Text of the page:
A few weeks ago a group of us went up the coast to the Maine Maritime in Bath. After spending a proper length of time checking out the many fine exhibits, we continued down river to Phippsburg and the popular Popham Beach State Park. It was packed with people – natives and summer visitors – doing what people are supposed do on beautiful summer days in Maine – having lots of fun.
It's been more than 400 years since an outfit known as the Plymouth Company attempted to establish an English colony with 120 hearty souls at the mouth of the mighty Kennebec River – where hundreds of people now played. Of course, the river wasn't known as the Kennebec back then - mighty or otherwise. Back then the Kennebec was known as “Sagadahoc,” which, I think means "Colonize at your own risk."
Back then the group of colonists and sailors was led by George Popham, and in what sounds like an obvious attempt at buttering up their fearless leader, the colonists, soon after landing, voted to name their settlement just Popham, since resort beaches had not yet been invited. Turns out they didn't mean to name it after George but after Sir John Popham, George's uncle and Popham's chief patron. But at that point no one really cared who it was, and since the entire venture was less than a smashing success it was a pretty empty honor anyway.
The way I heard the story, the colonists arrived on a Monday and by the following Sunday they had built a church, a modest fort and put down non-refundable deposits on 50 “starter homes.” There is little doubt that they also would have saved up to 15 percent on their auto insurance with Geico if only they had automobiles with them at the time.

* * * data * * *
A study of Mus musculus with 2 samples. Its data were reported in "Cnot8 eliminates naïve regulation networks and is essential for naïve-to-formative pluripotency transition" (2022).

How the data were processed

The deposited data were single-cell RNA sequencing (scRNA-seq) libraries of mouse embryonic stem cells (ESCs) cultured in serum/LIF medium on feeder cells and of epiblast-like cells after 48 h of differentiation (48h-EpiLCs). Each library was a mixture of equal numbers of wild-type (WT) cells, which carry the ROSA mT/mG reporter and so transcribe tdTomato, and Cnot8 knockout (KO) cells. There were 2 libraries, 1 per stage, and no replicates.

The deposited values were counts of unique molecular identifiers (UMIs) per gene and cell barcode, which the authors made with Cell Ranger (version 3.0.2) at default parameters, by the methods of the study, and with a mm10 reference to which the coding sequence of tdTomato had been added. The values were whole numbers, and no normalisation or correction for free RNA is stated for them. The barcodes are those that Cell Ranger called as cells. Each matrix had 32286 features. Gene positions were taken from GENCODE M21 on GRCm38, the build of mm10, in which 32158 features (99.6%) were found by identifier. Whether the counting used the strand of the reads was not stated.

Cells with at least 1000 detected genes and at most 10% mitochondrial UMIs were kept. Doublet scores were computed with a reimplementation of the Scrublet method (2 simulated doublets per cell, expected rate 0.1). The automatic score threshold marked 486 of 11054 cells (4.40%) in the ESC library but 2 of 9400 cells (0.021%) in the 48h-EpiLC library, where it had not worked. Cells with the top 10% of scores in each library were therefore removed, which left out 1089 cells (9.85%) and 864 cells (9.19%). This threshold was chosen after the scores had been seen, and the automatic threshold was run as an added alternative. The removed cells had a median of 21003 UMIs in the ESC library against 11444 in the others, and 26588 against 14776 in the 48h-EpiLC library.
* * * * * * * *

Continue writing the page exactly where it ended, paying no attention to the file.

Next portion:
What makes what they did even more impressive is that these hearty colonists on the Kennebec accomplished all this without the help of a Home Depot, a Wal-Mart or an Ace Hardware. As far as we know there wasn't even a Reny's in those bleak days of 1607. We can only imagine how different the story of Maine would have been if only these people had the retail opportunities available to us today.
Despite all that hard work things didn't go well for the Popham colony and before the year was over the two ships (the “Gift of God and the “Mary and John”) had returned to England leaving behind a skeleton crew of 45 of either the heartiest or the numbest colonists ever.
One of the most memorable things the colonists did before most of them packed up and went back to Jolly Old England was take out their ship-building tools and built a 50-foot pinnace, or sailing vessel, which historians say was the first wooden vessel built by Europeans in the New World. They named the pinnace Virginia.
Since there were no governmental bureaus or maritime commissions or bureaucrats; and since there were even fewer regulatory agencies and tax collecting officials and appraisers around Popham at the time, we're told that first vessel went through its life entirely uninspected, totally unregulated and completely untaxed.
These days, a group with the limited resources of the Popham People would have been doomed. At least a group of those first colonists had something going for them. Enough carpentry skills to build a means of excape.
John McDonald is a humorist and storyteller who performs regularly throughout
New England. Contact John at firstname.lastname@example.org or 899-1868.